OK, I am declaring it right here, right now: 2011 is the Year of the Cloud. This buzzword "cloud" is wielded by just about any company that sells a server or an operating system these days. But what exactly are they talking about? What does "cloud" mean and should you trust companies like Microsoft, Google, Hewlett-Packard, Amazon, et al. when they say they can save you money and keep your data safe?
I am no Luddite when it comes to technology. If something comes along that makes sense and makes my life easier, I will adopt it as soon as it is practical. However, the people selling cloud computing and other web-based services have yet to convince me that the merits of their products and services outweigh the liabilities.
I understand the potential of these services and I am willing to entertain the idea, but there are so many questions unanswered or, worse, glossed over. Just in the past month or so we've seen examples of security breakdowns and outages that were very costly for companies that had placed their critical functions in the cloud. (Google, Amazon)
Earlier this week, Deb Shinder discussed Microsoft Azure, which is the company's "cloud services" platform. The striking thing about the post, and the discussion that followed it, was the confounding way Microsoft has presented the product. Much of the discussion reflected confusion, uncertainty, and mistrust about security, uptime, and benefits. And these are IT professionals expressing those concerns.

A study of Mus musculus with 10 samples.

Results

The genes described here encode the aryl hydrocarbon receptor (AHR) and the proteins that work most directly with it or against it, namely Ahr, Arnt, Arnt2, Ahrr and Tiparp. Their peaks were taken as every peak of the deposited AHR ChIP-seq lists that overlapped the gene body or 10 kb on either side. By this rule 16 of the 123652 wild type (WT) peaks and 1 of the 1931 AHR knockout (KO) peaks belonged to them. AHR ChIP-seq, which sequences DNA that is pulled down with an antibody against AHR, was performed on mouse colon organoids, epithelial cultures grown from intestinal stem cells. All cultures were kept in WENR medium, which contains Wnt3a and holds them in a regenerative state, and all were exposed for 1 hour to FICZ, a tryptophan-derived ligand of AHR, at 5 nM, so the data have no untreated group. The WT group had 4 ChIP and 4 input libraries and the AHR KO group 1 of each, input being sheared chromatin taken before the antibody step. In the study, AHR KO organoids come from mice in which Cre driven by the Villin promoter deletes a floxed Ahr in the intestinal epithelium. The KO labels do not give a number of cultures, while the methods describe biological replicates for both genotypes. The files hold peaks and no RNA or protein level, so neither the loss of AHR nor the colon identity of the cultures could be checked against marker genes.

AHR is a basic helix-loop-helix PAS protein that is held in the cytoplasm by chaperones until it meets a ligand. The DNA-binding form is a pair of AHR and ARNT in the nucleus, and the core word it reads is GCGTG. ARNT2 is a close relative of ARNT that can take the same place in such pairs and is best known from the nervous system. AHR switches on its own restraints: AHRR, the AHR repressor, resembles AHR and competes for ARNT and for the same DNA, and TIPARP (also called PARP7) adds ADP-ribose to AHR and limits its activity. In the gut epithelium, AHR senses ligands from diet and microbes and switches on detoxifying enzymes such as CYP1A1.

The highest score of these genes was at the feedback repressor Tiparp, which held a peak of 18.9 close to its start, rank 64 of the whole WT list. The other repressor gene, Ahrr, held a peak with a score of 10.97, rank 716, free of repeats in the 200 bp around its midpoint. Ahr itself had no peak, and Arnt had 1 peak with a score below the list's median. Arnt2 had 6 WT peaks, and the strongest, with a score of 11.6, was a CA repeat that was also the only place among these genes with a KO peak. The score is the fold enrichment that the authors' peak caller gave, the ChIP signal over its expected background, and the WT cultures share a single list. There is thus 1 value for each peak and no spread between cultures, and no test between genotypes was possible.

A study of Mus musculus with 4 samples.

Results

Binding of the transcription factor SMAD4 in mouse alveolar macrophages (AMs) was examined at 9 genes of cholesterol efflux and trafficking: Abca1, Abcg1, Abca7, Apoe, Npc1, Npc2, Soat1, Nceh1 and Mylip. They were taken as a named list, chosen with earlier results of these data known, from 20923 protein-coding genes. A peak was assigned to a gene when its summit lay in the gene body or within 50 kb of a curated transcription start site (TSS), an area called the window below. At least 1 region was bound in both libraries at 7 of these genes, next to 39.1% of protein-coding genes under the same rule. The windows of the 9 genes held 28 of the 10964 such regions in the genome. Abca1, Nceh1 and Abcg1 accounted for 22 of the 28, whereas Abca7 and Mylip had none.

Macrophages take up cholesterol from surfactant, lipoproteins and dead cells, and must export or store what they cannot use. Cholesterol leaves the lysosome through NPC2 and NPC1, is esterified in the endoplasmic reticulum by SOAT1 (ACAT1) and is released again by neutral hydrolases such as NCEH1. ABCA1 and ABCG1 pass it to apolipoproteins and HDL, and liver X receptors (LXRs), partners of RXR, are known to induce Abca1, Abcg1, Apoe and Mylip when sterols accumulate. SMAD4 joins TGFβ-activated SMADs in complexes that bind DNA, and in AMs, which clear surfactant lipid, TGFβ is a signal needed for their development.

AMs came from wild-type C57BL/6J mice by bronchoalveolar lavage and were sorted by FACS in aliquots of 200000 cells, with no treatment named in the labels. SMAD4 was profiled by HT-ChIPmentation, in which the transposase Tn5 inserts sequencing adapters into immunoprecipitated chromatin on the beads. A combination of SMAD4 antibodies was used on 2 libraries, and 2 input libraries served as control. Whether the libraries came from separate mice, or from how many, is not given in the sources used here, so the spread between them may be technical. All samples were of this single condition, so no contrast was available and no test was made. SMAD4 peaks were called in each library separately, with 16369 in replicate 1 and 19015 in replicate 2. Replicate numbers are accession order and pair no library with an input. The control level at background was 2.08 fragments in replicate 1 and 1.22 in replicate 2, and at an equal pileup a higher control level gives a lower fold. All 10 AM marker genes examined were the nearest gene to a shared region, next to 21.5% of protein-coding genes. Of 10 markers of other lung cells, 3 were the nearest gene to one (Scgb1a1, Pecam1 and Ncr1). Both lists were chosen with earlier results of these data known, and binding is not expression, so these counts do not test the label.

Is it any wonder that a survey by The Small Business Authority shows that 71% of small business owners had never heard of cloud computing? For those of us in information technology, that number may seem staggering since we have been talking about the general concept for years, but it shows that the companies selling cloud services have not been communicating effectively.
All this uncertainty needs to be addressed before we get the mass adoption of cloud computing services that many are predicting. And the first uncertainty that needs to be addressed is trust. So I am asking TechRepublic members, do you trust cloud computing services? Do you trust that your data is safe in these systems? And, as an IT professional, can you (should you) convince decision makers to also trust these services?
Mark Kaelin is a CBS Interactive Senior Editor for TechRepublic. He is the host for the Microsoft Windows and Office blog, the Google in the Enterprise blog, the Five Apps blog and the Big Data Analytics blog.